Currently, the stock is sitting at the bottom end of its 52 week period. At the time of writing, one share of Inmarsat stock will cost you 463.70p, which is around a 60% discount from its highest price of 1137p back in 2015.
[Source: Yahoo Finance]
Indeed, Inmarsat has taken a battering over the last few years.
In its most recent results (Q3 November 2017), Inmarsat revealed that revenues remained unchanged in their maritime sector. The news caused the stock to tumble because maritime revenue accounts for 48% of the company's overall revenue. Even 2015-2016 only saw a 3% growth in maritime revenue.
[Source: Inmarsat Investor Relations Q3 2017]
So why should investors be interested in it? Even at its seductive low P/E ratio of 9.8, uninspiring figures in its financials would suggest that investors simply leave this one alone.
However, Inmarsat has a trump card that investors need to pay attention to: aviation. Last quarter Inmarsat's aviation sector saw an increase in revenue of 50.1%. By any measure, a revenue increase of 50.1% is impressive. The growth was accredited to a deal with AirAsia Group, which signed a contract to offer Inmarsat's GX Aviation high-speed broadband on over 120 aircrafts.
This is where it gets even more interesting.
In the same month of releasing earnings, Inmarsat and airline giants Emirates also confirmed a deal. The Dubai based airline agreed to install Inmarsat's GX Aviation high-speed inflight broadband service on its Boeing 777X aircraft fleet, with deliveries scheduled from 2020.
News of this should not be taken lightly. Not only will this deal result in incredible turnover for Inmarsat's aviation sector, but it confirms that Inmarsat deserves their position as the world's leading provider of global mobile satellite communications. Emirates, which recently revealed its new 'zero gravity' first class suites, is known for its unparalleled onboard luxury and prioritizing customer service. Entrusting Inmarsat with their inflight broadband service is a statement in itself.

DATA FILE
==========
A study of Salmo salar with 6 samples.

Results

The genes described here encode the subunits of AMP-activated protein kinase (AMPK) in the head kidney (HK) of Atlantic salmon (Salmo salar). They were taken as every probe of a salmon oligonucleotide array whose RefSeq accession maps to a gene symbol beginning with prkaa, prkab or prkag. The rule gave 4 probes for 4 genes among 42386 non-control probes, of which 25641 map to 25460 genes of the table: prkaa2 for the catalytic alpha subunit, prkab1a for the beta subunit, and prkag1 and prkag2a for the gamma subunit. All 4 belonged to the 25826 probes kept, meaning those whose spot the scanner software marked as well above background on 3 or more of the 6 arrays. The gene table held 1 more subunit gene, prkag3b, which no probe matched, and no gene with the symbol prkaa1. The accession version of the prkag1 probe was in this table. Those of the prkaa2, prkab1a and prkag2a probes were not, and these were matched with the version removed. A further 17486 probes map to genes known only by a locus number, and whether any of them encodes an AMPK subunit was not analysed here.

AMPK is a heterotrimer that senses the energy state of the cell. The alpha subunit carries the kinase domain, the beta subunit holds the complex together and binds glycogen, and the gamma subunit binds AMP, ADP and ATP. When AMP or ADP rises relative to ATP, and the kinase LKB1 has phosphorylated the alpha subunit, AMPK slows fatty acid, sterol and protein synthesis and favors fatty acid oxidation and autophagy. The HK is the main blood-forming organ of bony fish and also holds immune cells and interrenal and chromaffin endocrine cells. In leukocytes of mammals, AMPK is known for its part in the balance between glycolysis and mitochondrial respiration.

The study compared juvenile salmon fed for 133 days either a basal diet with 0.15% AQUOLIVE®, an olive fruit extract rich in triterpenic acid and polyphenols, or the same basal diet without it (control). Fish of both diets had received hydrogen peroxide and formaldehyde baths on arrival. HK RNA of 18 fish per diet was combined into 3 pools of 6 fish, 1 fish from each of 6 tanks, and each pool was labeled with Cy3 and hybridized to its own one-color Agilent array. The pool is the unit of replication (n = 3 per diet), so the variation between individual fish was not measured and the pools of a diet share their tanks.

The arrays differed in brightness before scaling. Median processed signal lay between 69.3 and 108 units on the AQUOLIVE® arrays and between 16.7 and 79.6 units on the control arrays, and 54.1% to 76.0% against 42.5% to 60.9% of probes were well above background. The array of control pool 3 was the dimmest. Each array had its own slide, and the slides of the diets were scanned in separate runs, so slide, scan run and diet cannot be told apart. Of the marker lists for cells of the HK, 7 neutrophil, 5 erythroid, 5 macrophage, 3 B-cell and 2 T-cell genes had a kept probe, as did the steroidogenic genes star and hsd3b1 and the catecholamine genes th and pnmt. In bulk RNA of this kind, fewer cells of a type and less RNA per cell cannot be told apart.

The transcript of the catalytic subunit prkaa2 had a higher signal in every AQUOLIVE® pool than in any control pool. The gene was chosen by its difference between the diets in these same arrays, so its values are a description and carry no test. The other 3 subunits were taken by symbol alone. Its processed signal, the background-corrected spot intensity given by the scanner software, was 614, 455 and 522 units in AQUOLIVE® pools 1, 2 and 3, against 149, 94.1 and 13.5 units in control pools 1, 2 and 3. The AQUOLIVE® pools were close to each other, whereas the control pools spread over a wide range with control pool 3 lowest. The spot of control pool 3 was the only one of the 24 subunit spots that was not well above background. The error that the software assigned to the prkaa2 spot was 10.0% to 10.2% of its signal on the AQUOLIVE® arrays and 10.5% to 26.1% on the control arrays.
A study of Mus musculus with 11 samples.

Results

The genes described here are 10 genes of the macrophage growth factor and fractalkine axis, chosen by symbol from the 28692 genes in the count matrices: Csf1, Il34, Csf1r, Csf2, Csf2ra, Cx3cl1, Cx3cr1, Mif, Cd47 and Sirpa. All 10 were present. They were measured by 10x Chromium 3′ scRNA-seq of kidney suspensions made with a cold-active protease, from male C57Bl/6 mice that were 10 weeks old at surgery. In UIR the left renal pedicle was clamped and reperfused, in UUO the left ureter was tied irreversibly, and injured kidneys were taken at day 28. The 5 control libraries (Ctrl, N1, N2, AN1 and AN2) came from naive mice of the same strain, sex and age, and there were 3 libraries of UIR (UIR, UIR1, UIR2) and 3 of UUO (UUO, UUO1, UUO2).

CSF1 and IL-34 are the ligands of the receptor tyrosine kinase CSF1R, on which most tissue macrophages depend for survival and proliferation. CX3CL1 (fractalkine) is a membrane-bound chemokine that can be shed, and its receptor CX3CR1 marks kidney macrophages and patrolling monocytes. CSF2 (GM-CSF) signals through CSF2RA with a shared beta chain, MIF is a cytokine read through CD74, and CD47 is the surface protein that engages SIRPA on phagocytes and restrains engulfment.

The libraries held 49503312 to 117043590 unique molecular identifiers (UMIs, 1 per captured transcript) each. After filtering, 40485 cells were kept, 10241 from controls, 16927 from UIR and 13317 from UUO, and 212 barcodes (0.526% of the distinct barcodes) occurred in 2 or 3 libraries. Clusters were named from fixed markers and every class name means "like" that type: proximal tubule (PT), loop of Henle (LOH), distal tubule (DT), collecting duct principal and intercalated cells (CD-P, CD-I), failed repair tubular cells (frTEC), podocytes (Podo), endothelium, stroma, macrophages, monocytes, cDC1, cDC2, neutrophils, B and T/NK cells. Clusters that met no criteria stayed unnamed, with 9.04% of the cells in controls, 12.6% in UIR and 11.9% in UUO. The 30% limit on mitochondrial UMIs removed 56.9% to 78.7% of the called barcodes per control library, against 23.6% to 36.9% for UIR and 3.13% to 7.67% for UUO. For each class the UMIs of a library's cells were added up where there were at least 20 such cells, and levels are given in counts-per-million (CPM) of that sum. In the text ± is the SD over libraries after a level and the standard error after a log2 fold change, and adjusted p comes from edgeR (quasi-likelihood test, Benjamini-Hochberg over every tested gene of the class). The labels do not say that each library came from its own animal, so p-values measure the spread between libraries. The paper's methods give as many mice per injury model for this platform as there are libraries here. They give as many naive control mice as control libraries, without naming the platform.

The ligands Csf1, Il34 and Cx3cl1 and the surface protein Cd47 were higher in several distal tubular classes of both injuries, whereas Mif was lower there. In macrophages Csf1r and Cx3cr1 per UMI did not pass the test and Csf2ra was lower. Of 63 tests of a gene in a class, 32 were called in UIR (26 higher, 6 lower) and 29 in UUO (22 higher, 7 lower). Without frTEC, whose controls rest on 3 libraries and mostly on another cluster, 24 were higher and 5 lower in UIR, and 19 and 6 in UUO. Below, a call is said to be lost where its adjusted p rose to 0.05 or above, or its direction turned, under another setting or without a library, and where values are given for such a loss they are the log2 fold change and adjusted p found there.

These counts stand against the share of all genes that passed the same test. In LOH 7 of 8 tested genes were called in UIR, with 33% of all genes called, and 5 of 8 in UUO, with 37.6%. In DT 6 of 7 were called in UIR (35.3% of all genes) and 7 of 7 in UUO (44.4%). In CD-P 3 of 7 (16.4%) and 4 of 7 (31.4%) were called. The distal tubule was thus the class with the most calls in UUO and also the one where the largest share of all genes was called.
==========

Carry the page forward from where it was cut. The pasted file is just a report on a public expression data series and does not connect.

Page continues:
Rupert Pearce, CEO of Inmarsat, recently said that there has been an increase in demand for inflight Wi-Fi from passengers. Passengers are comprising of "more and more of people who grew up connected and insist on being connected." Pearce said. "They're telling the airlines, 'connect me or I fly with someone else'."
I agree with him. Inflight Wi-Fi used to be considered a luxury, but now, the lack of internet onboard feels like a hindrance. Even if you feel comfortable without Wi-Fi onboard right now, you'd be foolish to suggest that onboard internet isn't inevitable in the future. Inmarsat certainly has the potential to be at the forefront of this development.
Sadly, this is where the good news ends.
Aviation only contributes 12% of Inmarsat's overall revenue. Government and enterprise provide the rest of the company's revenue, after maritime. Government and enterprise growth last quarter was only 4.2% and 1.6% respectively - figures which are almost as uninspiring as maritime.
So what's an investor to do? The majority of Inmarsat feels lackluster and uninspiring. Although the company isn't suffering maritime losses, the lack of growth in any company's biggest sector is never good news. On the flip side, aviation is doing extremely well for the company and the future looks incredibly bright.
Well, as long as there aren't any troubled waters ahead for its maritime division, Inmarsat seems like a safe stock to buy. However, whether it's worth buying just for its aviation potential is a tougher question to answer. I fervently believe that its aviation division has even better days ahead of it, even with 50% revenue growth last quarter, but the fact that it makes up such a small percentage of the company is unnerving.
Disclosure: I/we have no positions in any stocks mentioned, and no plans to initiate any positions within the next 72 hours. I wrote this article myself, and it expresses my own opinions. I am not receiving compensation for it (other than from Seeking Alpha). I have no business relationship with any company whose stock is mentioned in this article.